But…you are a foreigner…

1:05 PM

I recently read a few posts on blogs I follow regularly that are all about one’s identity, being a foreign spouse married to a desi guy and what it implies or means.
All this actually made me remember a couple of conversations I had with random strangers since I had my daughter and how awkward they can be.

Conversation 1:
In Panchgani in the hotel while I was on the garden swing with Ishita.
Lady: Can I come and sit?
Me: Sure (I stop the swing to let her sit)
Lady: Is the baby yours?
Me: Yes she is (starting to see where this is all going as it’s not the first time)
Lady: But she is Indian and you look like a…uhm…foreigner
Me: Yes that’s because my husband is Indian
Lady: What’s her name?
Me: Ishita
Lady: Oh she has an Indian name too! then bending toward my daughter saying “yes you are Indian, like me, we are the best”
Me: uncomfortably silent starting to eye the woman a bit oddly because she is getting a bit out of line here.
Lady: talking back to me saying “What caste is your husband”
Me: I don’t know we never raised the topic because it doesn’t matter to us
Lady: What’s his last name where is he from?
Me: telling her (feeling exasperated)
Lady: mumbling away feeling uncomfy and suddenly leaves the swing.

Noticed that at no point this lady asked me where I was from, and went as far as saying to my face that Ishita was like HER and they were the BEST…hello tacky?
Conversation 2:
Random lady comes to me in the street:
Lady: Cute little baby, what’s her name?
Me: Ishita
Lady: But that’s an Indian name (looking me up and down several time)
Me: yes why?
Lady: But you are a foreigner! (Forgot to add that lady in question was speaking with a thick American accent)
Me: My Husband is Indian
lady looking very much relieved: Ah that’s ok then!
Geez and what if DH and I were both foreigners and still decided to give an Indian name to our daughter? Would that be NOT ok?
Conversation number 3:
Me and a friend are on the bandstand promenade in Bandra with Ishita waiting for our hubbies to bring the car so we can leave.

Lady carrying a baby in her arms: Is she yours?
Me: Yes (knowing this will go into awkward territory)
Lady: How old is she?
Me: One year old
Lady, looking at both of us very suspiciously: Are you sure?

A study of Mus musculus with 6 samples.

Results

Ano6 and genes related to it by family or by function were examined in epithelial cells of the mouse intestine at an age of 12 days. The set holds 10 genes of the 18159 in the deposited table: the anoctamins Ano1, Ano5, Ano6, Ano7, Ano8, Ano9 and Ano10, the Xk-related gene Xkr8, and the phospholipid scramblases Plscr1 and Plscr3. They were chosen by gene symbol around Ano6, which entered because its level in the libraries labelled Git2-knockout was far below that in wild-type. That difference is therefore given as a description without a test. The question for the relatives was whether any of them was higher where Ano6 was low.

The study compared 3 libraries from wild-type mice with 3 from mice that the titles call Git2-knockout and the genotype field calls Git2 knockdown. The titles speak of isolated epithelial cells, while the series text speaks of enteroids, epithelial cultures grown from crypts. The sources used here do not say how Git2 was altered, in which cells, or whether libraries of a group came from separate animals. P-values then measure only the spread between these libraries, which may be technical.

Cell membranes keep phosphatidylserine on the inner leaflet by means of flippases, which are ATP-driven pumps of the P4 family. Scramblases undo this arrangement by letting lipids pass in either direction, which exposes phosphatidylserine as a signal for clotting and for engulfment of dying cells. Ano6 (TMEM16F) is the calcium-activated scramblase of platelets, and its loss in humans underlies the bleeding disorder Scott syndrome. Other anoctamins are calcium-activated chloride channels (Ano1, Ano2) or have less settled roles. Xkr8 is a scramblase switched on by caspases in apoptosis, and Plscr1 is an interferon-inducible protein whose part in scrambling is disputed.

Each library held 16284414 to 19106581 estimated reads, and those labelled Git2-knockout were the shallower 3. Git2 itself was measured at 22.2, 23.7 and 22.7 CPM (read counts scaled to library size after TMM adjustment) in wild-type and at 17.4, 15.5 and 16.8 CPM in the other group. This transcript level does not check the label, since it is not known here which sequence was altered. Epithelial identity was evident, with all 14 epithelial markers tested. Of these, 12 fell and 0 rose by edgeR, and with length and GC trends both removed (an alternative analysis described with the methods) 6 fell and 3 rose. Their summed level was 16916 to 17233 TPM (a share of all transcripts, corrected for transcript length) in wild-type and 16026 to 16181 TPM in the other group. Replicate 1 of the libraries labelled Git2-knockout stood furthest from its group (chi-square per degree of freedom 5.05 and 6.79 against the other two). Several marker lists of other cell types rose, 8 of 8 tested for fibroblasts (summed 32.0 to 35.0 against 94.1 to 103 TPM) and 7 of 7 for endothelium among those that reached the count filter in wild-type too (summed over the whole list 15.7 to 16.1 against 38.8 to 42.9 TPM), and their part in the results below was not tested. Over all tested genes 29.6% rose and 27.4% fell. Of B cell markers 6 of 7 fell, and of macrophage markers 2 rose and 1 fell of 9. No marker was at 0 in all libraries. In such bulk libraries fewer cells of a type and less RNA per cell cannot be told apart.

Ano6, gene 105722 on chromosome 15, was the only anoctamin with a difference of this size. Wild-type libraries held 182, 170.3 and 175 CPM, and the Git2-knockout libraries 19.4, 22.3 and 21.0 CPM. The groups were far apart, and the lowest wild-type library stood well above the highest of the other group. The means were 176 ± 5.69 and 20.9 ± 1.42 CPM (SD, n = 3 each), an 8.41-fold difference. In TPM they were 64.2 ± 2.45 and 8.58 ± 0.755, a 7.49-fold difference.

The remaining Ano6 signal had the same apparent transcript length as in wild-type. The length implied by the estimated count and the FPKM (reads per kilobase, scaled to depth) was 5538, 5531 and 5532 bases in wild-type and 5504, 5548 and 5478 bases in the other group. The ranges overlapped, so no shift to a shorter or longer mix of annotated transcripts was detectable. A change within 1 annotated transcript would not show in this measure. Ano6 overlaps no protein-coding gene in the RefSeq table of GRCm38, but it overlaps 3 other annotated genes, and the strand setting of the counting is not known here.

Me: Yes (starting to be exasperated as the lady clearly doubt me, my maternity as well)
Lady: Does she eat solid food yet?
Me: Yes everything
Lady: But she can’t have teeth…and proceeding to go check my daughter’s mouth like a horse…I back one step and look at the lady in the eyes.
Lady then turn to my friend and ask in Hindi: Where is she from?
Me: I’m from Switzerland
Lady look at me like I interrupted a conversation I was not invited in…my friend repeats the answer, lady go on asking personal questions about MY life to my friend who is trying to get rid of the lady politely. Questions range from whether my husband is Indian, when we got married, where, what style of ceremony, and at one point the lady asking with an edge of worry if my daughter is really Indian. I step in a bit angry and say “Yes she is” the lady turns back to me and snap “Yes but you are not” in English, and turn back to my friend to continue the discussion asking her how come then I’m in India? Then lady say “You are lucky the baby has a very fair complexion…so beautiful” as if my daughter was HER baby in the first place! I was fuming but then our hubbies came with the car and we were both relieved that we were free of that horrid woman. My friend then apologized to me for not having been able to rid us of the lady sooner and that she could not believe how tacky the questions were turning one after the other.

These 3 conversations were the most extreme of all, the last one being downright disgusting. But I get that a lot, some people apparently can’t get the fact, I have a baby, gave birth in India, married an Indian guy and all. I can understand that, intercultural marriages are still a very new things, and trust me when asked respectfully and with a genuine interest and curiosity, I don’t mind, but these 3 ladies above all made it very clear that India was the best and that it was actually a relief that my daughter was Indian, while not caring one bit about who I was and went as far as making it obvious to my face as in the case of the lady in conversation number 1 and number 3.

I also understand that in India asking more personal questions to random strangers is ok, and I play the game, but then there is that line when we go into awkward that should be minded…clearly the case in all the above conversations.